Review: The Hobbit by J.R.R. Tolkien
Author: J.R.R Tolkien
Series: Middle-Earth Universe
Publisher: Houghton Mifflin
Publication Date: September 15, 1999 (First published 1937)
J.R.R. Tolkien’s classic prelude to his Lord of the Rings trilogy
Bilbo Baggins is a hobbit who enjoys a comfortable, unambitious life, rarely traveling any farther than his pantry or cellar. But his contentment is disturbed when the wizard Gandalf and a company of dwarves arrive on his doorstep one day to whisk him away on an adventure. They have launched a plot to raid the treasure hoard guarded by Smaug the Magnificent, a large and very dangerous dragon. Bilbo reluctantly joins their quest, unaware that on his journey to the Lonely Mountain he will encounter both a magic ring and a frightening creature known as Gollum.
Written for J.R.R. Tolkien’s own children, The Hobbit has sold many millions of copies worldwide and established itself as a modern classic. (From Goodreads)
This review was originally posted on Pages Unbound as a part of their Tolkien Reading Event. It’s a little different than my normal reviews, simply because of the event, as well as the book at hand.
I may be one of the few readers out there that hasn’t actually read many of J.R.R. Tolkien’s works. I read The Hobbit as a teen and, even though I own all three The Lord of the Rings books, The Hobbit remains, to this day, the only Tolkien I have had the pleasure of reading. Never fear, Tolkien fans, I plan to rectify this soon!
Even though my Tolkien expertise is nonexistent, I was thrilled when Briana and Krysta at Pages Unbound asked me to be a part of their Tolkien Reading Event, and I jumped at the chance to re-read The Hobbit and write a review. So bear with me – this is my first time reading The Hobbit with a critical eye, and I’m sure all of my thoughts have been said before by many Tolkien scholars who are much more eloquent.
First of all, Tolkien’s writing is so superb that it is no wonder that his stories have become classics. The Hobbit is considered by many (and perhaps was by Tolkien himself) to be a book for children, and Tolkien was obviously in agreement with many of the authors of Children’s and Young Adult books of today who believe that they should not “dumb down” their writing simply because it is aimed at a younger audience. But, as with so many authors today, his writing can be (and should be, in my opinion) read and enjoyed by people of all ages.
Tolkien’s characters and world-building are basically flawless, and with the help of a few maps and pictures, readers become the fifteenth member of the troupe of heroes as they set their backs upon Bilbo’s home in The Hill. We are there with Bilbo, Gandalf, and the dwarves as they narrowly escape the goblins of the Misty Mountains; we, too, find ourselves lost once the party steps off the path in the Mirkwood; and we rack our brains trying to come up with a plan to escape the dungeons of the wood elves, or to outwit the dragon Smaug.
The only drawback I found, and it is a small one, is that several of the dwarves in Bilbo’s party were not thoroughly fleshed out. We got a good sense of Thorin, Bombur, Fili, Kili, and a few others, but many of them seemed to simply be there so that with Bilbo they were fourteen in number, and also to create a humorous scene in the beginning when they all show up on Bilbo’s doorstep. However, I really did enjoy the humor. It reminds me of how Douglas Adams would fabricate a situation and then explain how that caused something in our actual history. For example, Tolkien had Bilbo say “Escaping goblins to be caught by wolves,” and then Tolkien added, “and it became a proverb, though now we say ‘out of the frying-pan into the fire’ in the same sort of uncomfortable situations.” As a lover of British comedy, I enjoyed all the subtle hints of humor that Tolkien sprinkled throughout this tale.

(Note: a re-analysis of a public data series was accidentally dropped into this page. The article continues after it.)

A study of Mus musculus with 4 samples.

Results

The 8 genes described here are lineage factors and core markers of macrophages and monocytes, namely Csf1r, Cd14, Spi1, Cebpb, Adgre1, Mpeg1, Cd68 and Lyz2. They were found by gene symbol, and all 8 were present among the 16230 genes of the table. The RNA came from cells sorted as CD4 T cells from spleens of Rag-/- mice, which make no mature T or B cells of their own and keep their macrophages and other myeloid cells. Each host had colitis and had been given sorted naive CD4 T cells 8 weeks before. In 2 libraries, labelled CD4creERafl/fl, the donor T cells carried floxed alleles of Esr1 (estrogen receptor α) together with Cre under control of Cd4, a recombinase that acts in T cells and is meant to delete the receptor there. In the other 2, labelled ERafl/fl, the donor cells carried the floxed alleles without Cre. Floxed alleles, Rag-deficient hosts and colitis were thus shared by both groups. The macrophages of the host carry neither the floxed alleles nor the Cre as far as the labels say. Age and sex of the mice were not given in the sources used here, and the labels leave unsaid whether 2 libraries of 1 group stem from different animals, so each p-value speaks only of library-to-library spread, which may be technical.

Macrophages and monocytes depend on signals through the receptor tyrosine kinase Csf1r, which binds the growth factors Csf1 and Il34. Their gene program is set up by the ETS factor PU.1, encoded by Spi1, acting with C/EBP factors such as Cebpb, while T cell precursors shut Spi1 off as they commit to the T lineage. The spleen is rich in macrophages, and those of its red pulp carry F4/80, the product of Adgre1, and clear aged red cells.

I also enjoyed the dichotomy between Bilbo and Gandalf at the beginning. The hobbits that are most respected are those who are rich, and don’t get into any “adventures.” When Gandalf first comes upon Bilbo, Bilbo uses polite phrases such as “Good morning” and “I beg your pardon,” and Gandalf points out that these phrases have more meanings than most of us realize. Here, I believe Tolkien is commenting on how society regards politeness, and Gandalf represents a person whom some people would consider “uncivilized,” simply because he does not behave like the rest of them. Perhaps there is even more here, and Tolkien is showing the diversity of society between those who are privileged and those who aren’t, and how they each behave and believe the world should be. Or perhaps Tolkien is simply suggesting that a life not lived to its fullest is not a life lived at all.
The Hobbit is full of complex characters, interesting creatures, and such suspense that even readers who visit the tale for a second or third time may find themselves anxious for Bilbo and his companions. It is easy to see why The Hobbit continues to be loved by people of all ages, and why J.R.R. Tolkien’s works have become the very definition of Epic Fantasy. I would highly recommend this book to lovers of Fantasy, yet I would also recommend this to anyone who simply loves a good book.